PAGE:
The Apology: Socrates' Defenseby Daniel Marrow
At the trial for his life in 399 BC, Socrates defense is recounted in Plato's Apology. Here Socrates appeared, despite his lengthy defense, not to acquit himself from all accusations, but rather to deliberately ensure that he would be found guilty and thus condemned to death. If Socrates believed his moral purpose was to achieve philosophical virtue, justice and truth by examining life to its fullest, why then would he willingly give his life on the charges of crimes that he did not commit? The answer lies in Socrates realization that taking the right course of action is more important than one that will save him. For he states: "Someone will say: And are you not ashamed, Socrates, of a course of life which is likely to bring you to an untimely end? To him I may fairly answer: There you are mistaken: a man who is good for anything ought not to calculate the chance of living or dying; he ought only to consider whether in doing anything he is doing right or wrong - acting the part of a good man or of a bad" This is Socrates most cherished principle, that in dying for his beliefs he would be choosing the most noble action and not the most obvious.
Throughout the Apology, Socrates puts forward his views of wisdom, virtue, and nobility he believes to be moral truths, not to clear his name, but to reveal the ignorance of his prosecutors, judges, and fellow citizens. Against the charges of corrupting the youth, atheism, and introducing new deities, Socrates states that has been doing Athens a service by improving its beliefs of wisdom and virtue. "He [Socrates] regarded the charges as wholly unjustified; he claimed to reform and improve both his own moral outlook and other people's. He devoted his life to cross-examining other people about virtue; he urged them to pay attention to their souls... not to wealth, power and other external advantages." Socrates states that this was his true purpose, for "The unexamined life is not worth living." Later on in the trial Socrates remains steadfast on his views and refuses to give up his philosophical pursuit, even if it costs him his life. He tells the jury, "Therefore if you let me go now... and say to me: Socrates, this time we will not mind Anytus [a prosecutor], and will let you off, but upon one condition, that you are not to inquire and speculate in this way any more, and that if you are caught doing this again you shall die; - if this was the condition on which you let me go, I should reply: Men of Athens, I honor and love you; but I shall obey God rather than you, and while I have life and strength I shall never cease from the practice and teaching of philosophy..."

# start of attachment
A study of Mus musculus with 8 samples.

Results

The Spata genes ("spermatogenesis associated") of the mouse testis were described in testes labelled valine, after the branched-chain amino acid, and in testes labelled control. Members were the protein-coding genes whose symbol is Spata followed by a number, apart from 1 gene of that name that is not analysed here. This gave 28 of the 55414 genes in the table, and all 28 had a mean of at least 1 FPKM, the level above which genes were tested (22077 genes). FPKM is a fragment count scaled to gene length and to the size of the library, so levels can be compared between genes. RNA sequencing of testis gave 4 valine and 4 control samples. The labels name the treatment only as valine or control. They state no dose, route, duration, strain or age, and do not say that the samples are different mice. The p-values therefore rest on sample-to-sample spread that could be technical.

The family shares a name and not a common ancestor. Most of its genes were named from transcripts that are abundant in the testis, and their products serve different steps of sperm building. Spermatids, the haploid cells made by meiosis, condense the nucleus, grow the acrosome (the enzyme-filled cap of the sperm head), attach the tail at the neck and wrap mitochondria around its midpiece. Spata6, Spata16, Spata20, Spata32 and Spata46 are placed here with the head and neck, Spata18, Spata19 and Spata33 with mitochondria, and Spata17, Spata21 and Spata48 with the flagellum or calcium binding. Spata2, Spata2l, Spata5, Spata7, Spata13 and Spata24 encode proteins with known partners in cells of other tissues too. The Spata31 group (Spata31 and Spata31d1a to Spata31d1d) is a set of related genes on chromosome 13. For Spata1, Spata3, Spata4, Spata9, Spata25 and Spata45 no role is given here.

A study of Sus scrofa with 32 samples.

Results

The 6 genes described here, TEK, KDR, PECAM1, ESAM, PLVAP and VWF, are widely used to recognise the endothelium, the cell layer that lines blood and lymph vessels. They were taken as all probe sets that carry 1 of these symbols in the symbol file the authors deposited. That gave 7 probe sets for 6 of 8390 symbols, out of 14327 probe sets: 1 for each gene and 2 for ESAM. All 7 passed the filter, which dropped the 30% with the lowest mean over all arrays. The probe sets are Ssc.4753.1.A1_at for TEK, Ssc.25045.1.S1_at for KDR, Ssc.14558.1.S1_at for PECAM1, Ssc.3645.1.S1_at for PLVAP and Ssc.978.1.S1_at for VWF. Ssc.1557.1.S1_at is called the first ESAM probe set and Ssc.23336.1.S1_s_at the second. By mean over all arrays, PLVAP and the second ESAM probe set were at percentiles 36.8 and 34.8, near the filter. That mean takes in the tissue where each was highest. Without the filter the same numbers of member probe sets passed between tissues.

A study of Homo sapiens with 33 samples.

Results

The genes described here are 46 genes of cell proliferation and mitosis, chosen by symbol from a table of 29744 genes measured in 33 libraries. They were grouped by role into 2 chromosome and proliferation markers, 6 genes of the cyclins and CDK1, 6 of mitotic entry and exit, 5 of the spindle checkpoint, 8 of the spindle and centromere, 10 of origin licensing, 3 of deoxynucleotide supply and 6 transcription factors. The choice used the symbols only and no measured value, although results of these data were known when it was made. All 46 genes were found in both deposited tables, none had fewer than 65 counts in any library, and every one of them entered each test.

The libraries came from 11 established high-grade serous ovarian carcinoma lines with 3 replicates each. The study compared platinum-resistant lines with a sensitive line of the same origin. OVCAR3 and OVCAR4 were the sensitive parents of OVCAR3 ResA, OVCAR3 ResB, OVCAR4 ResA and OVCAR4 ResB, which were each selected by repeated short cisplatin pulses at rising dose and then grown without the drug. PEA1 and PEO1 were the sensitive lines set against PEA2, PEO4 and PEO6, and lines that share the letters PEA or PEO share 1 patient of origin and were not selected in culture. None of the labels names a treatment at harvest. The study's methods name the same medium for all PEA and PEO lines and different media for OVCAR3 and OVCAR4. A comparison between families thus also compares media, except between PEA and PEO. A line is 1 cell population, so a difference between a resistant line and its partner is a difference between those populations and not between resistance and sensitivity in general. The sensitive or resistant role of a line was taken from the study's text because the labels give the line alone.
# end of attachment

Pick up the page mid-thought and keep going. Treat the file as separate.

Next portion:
Socrates died for a noble cause: the belief that one should never change their beliefs because of their fear of death. He chose to give up his life as an example for generations after as he declares to the jury, "Wherefore, O men of Athens, I say to you, do as Anytus bids or not as Anytus bids, and either acquit me or not; but whatever you do know that I shall never alter my ways, not even if I have to die many times" This is why Socrates meant to be prosecuted, he was not afraid of death, and believed if he died for a noble cause it was justified. However, once accused, Socrates does not escape from prison and later, execution, for: "Socrates is confident that justice and morality are always in our interest. He insists that a just person will allow nothing to count against doing the just action, no matter what the cost may be. If Socrates were to choose an ordinary good over the just course of action he would be choosing an action that is bad for him, and he refuses to do this; this is why he refuses to propose an alternative to the death penalty."
Thus, Socrates chooses to accept his fate and, doing so, secures his place as "the greatest hero in the history of philosophy." Socrates' primary concern in life was arete `excellence', not in the Sophistic sense of practical efficiency in public life, but as moral excellence of soul, that is, virtue. This belief sets the foundations for ethics and philosophy, that Socrates died, not in vain, but for that which he most valued: the pursuit of virtue.
Lawrence C. Becker and Charlotte B. Becker, eds., Encyclopedia of Ethics (New York: Routledge, 2001), 1623.
“Plato, The Apology”, trans. Benjamin Jowett. (1871), 9. in The Internet Classics Archive, MIT and Web atomics, accessed 18 February 2008
Frank N. Magill, ed., World philosophy: essay-reviews of 225 major works (Englewood Cliffs, NJ: Salem Press, c1982).